A Bloomberg survey of 30 economists projected jobless claims to be just 270,000 in the month of December.
More Americans requested unemployment benefits last week, but the level remains near historic lows in a positive sign for the job market.
In a press release today, the Department of Labor (DOL) reported that adjusted initial jobless claims, for the week ended December 26, were 287,000.
The four-week moving average, which helps to smooth weekly volatility, rose by 4,500 to 277,000 last week.
There were no special factors impacting this week's initial claims, the report said.
The prior week's reading of 267,000 was now trumped by what may turn out to be the highest jobless claims reading since summer.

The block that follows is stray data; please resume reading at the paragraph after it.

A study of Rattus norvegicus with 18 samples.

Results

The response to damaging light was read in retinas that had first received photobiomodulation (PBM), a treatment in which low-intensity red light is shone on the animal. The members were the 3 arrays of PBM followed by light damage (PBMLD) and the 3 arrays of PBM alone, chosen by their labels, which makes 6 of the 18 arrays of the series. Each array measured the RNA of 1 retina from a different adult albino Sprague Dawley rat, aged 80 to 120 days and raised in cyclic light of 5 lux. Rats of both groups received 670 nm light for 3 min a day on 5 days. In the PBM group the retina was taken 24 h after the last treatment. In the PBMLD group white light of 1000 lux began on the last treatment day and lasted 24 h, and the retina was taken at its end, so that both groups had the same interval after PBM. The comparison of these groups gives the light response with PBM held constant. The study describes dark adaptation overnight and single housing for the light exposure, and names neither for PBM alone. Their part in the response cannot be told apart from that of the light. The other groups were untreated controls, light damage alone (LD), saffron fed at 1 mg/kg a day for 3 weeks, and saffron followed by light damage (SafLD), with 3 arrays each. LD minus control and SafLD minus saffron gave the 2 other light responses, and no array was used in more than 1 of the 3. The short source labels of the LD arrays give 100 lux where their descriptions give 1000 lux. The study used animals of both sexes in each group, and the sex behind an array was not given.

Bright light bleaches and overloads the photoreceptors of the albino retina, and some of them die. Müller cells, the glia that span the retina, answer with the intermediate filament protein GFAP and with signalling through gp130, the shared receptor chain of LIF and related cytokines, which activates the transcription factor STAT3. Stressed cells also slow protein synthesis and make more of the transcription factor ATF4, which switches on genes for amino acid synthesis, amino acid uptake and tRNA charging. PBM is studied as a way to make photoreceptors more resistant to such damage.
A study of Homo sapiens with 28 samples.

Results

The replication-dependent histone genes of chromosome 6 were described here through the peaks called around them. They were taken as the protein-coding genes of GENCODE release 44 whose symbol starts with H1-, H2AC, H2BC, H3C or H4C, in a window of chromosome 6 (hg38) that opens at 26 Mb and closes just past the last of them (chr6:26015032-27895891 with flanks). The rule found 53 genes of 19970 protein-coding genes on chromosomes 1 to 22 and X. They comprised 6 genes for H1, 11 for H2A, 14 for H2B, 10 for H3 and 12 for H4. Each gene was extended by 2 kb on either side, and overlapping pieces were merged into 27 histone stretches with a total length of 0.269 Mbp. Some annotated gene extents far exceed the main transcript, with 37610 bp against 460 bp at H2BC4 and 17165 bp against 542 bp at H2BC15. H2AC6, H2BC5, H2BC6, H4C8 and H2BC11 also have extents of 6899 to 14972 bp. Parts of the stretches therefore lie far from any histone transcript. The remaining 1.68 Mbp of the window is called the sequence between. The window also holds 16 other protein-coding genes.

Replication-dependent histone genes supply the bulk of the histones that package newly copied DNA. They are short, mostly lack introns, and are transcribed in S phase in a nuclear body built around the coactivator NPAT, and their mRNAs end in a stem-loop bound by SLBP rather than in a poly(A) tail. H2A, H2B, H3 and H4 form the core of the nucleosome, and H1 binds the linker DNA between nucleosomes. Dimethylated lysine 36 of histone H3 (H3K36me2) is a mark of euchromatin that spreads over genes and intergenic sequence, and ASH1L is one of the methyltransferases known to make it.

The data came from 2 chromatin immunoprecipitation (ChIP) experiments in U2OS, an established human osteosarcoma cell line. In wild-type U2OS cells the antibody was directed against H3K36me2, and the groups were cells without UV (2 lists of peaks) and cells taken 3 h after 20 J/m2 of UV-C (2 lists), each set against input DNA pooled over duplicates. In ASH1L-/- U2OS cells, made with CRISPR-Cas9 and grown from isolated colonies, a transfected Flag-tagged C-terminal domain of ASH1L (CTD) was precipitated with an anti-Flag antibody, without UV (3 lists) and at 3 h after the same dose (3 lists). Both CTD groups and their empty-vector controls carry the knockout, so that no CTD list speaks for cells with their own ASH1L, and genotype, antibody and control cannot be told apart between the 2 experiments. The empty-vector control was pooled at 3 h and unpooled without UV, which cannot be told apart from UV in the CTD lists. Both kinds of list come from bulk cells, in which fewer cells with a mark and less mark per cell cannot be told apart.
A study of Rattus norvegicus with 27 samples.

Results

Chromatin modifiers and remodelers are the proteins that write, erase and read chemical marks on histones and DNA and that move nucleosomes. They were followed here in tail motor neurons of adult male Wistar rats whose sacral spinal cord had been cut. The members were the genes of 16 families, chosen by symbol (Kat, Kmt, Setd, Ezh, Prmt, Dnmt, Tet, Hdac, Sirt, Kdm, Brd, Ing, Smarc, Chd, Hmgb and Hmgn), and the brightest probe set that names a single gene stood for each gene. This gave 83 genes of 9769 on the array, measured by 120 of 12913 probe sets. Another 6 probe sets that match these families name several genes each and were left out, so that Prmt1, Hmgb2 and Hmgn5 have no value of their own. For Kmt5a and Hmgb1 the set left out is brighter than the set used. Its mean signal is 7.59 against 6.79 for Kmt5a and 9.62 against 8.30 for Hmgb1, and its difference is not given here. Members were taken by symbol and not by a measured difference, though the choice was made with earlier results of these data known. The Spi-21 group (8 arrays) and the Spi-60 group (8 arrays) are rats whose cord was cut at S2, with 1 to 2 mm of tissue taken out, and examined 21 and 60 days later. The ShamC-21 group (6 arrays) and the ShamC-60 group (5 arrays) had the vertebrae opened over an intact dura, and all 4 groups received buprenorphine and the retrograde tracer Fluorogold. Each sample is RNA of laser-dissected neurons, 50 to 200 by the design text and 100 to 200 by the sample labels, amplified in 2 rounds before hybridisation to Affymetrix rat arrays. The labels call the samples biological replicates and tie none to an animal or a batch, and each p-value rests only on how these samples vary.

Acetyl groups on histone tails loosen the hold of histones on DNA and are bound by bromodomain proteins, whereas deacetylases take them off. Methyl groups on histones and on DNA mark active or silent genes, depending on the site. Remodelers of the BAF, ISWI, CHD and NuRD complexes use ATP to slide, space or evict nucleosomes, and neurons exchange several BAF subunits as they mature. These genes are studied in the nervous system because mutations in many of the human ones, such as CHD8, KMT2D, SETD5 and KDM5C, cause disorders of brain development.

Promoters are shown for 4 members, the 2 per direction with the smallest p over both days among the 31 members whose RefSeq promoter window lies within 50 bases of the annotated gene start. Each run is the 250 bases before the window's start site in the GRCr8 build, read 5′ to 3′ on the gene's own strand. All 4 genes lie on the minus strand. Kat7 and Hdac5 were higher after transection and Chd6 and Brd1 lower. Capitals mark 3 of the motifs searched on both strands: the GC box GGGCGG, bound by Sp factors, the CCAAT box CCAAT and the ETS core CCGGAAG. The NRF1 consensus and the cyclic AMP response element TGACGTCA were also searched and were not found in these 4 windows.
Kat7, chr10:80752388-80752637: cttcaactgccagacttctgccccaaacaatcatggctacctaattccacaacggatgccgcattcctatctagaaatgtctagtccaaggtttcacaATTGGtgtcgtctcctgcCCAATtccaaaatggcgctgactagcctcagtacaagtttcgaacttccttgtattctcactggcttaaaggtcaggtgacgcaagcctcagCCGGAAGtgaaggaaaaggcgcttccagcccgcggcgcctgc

Over the past 12 months, the number of people receiving benefits has fallen 7.1 percent to 2.2 million. Part of the reason is the strong job market improvement.
As long as unemployment stays at or close to 5.0%, the Federal Reserve and Chair Janet Yellen likely will continue to be poised to gradually raise interest rates in 2016.
The number of Americans filing for unemployment insurance benefits jumped to an almost six-month high last week during the Christmas holiday season, the US Labour Department reported on Thursday.
Initial jobless claims reflect weekly firings, and a sustained low level of applications typically coincides with faster job gains.
Since early March, claims have been below the 300,000 level that economists say is typically consistent with an improving job market.